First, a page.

The 7 Signs of Alzheimer’s
One of the most common warning signs of Alzheimer’s disease is memory loss. For instance, they may lose track of what day it is, or even forget what season we are in. It is also possible they will forget information they recently learned, such as someone’s name and important dates and events. Those suffering will usually begin to rely on memory aids, such as, a schedule book (planner) or cell phone to create reminders.
If you or your loved one is becoming easily confused this could be an early sign of Alzheimer’s disease. Forgetting where they are or how they got there, becoming stressed because they struggle remembering faces, trouble remembering who someone is, and difficulty finding the right words in conversation are all signs to look out for.
We have all misplaced our keys at some point or another. But a person in the beginning stages of Alzheimer’s disease usually starts out by losing things and not being able to retrace their steps. Eventually, they may begin to put things in unusual places.
Okay, so everyone trips over their feet once in a while, but, if you or your loved one is frequently falling, this could be a warning sign of Alzheimer’s disease. “According to research. A 2011 study presented at Alzheimer’s Association International Conference in Paris looked at brain scans of 125 older adults and also asked them to keep track of how often they slipped and stumbled during an eight-month span. The results? Those participants who showed early signs of Alzheimer’s also happened to fall down more often” (everydayhealth.com).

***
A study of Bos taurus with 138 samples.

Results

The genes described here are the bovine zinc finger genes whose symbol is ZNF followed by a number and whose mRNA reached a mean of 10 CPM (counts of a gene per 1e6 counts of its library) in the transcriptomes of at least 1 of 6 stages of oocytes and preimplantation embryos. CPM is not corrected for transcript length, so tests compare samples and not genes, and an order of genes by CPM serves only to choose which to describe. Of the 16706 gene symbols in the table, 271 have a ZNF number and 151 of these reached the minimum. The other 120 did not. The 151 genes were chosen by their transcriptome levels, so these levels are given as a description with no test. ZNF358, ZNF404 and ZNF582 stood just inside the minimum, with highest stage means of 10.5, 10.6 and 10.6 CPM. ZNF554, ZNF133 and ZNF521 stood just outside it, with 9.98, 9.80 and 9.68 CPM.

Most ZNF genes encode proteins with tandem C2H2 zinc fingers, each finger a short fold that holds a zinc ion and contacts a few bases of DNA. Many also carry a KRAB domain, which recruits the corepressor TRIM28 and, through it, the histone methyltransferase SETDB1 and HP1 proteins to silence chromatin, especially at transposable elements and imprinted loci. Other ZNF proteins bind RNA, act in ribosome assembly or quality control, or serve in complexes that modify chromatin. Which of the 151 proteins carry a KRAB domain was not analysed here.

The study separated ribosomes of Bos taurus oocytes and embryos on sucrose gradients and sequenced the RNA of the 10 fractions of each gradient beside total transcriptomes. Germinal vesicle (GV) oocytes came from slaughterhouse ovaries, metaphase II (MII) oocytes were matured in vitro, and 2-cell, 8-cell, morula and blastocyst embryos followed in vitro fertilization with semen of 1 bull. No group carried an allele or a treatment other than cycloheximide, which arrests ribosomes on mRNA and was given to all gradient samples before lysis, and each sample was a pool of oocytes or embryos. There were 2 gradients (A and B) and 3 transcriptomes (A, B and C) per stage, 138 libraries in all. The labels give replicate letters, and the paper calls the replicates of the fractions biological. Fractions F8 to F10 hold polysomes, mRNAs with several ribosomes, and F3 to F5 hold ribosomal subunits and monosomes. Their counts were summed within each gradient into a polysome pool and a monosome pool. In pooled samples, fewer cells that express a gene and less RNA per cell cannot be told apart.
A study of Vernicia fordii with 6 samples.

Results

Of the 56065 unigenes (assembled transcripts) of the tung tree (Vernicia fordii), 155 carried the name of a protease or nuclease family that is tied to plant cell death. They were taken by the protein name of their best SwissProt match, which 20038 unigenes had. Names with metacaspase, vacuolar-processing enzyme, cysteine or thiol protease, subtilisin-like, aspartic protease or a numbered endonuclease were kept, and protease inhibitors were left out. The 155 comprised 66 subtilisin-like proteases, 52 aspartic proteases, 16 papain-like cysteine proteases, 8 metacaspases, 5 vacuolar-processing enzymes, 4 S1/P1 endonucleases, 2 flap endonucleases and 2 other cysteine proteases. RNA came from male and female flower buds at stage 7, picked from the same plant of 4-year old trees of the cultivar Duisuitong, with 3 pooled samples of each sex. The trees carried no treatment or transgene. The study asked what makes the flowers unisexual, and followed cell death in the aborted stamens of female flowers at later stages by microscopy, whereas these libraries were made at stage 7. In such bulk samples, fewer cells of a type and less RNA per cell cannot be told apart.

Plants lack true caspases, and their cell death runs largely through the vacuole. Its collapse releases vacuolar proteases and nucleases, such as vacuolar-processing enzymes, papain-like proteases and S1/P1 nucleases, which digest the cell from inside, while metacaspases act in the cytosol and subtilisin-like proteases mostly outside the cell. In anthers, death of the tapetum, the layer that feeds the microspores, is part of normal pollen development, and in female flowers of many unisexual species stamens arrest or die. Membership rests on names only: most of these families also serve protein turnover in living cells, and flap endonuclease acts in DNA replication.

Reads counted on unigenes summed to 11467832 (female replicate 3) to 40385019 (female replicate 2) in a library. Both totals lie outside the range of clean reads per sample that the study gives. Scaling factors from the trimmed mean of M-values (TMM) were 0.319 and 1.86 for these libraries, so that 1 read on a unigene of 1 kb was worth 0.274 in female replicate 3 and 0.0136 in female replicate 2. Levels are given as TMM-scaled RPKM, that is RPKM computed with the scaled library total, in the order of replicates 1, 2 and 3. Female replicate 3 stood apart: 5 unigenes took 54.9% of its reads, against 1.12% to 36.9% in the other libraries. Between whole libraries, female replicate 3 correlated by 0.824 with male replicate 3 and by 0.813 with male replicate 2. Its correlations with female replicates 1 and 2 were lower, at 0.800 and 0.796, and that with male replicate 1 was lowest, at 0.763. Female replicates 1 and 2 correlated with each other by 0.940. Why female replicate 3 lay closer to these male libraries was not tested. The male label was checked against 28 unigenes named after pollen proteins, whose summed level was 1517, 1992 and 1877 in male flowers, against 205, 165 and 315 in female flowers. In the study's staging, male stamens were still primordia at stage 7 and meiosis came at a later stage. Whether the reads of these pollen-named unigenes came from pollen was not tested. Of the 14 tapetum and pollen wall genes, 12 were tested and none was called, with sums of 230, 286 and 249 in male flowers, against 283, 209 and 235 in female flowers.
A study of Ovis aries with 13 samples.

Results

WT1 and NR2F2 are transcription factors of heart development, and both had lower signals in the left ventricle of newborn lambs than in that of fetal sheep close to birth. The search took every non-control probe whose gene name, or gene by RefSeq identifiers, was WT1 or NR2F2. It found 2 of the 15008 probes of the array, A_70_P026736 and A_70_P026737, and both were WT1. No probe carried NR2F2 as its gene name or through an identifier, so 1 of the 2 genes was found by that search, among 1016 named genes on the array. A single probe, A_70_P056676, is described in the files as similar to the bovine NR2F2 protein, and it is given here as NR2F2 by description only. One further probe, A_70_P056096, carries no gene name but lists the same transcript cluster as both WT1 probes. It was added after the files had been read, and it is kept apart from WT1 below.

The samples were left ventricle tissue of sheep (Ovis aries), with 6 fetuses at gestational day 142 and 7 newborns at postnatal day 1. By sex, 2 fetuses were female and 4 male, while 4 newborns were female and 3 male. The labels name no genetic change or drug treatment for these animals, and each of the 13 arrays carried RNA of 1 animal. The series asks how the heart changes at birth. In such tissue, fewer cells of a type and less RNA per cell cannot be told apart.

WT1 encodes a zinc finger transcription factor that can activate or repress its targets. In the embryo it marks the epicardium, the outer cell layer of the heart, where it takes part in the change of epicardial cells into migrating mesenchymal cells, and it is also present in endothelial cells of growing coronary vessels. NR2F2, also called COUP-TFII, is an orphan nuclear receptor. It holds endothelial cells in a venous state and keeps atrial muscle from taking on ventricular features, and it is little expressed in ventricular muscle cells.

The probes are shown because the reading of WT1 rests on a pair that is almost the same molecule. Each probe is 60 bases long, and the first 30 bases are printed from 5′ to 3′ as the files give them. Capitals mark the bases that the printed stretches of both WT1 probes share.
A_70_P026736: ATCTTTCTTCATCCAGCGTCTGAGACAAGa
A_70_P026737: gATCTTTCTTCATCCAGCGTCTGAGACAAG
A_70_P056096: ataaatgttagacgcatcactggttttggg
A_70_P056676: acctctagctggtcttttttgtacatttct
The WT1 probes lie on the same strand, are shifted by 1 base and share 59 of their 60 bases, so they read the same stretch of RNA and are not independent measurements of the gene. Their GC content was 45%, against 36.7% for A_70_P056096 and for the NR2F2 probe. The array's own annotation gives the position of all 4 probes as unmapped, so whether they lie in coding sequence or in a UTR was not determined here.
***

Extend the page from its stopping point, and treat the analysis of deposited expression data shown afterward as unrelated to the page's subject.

Depression, anxiety, confusion and withdrawal from social activities are all common signs of those experiencing the symptoms of Alzheimer’s disease. They may experience anxiety when put in situations out of their comfort zone. Or, they could demonstrate acts of carelessness, leading to inappropriate behaviors, shoplifting and insulting others without regret.
Inability to Manage a Budget
Those encountering the beginning stages of Alzheimer’s disease usually have difficultly managing a budget. They may have trouble balancing their checkbook, and eventually start making financial decisions that could be detrimental to their well-being.
Trouble communicating is a major sign of Alzheimer’s disease. They may begin by having trouble following discussions, or struggle with joining a conversation. Eventually, you will realize they are stumbling upon their words, and having difficulties writing things down or using a smart phone.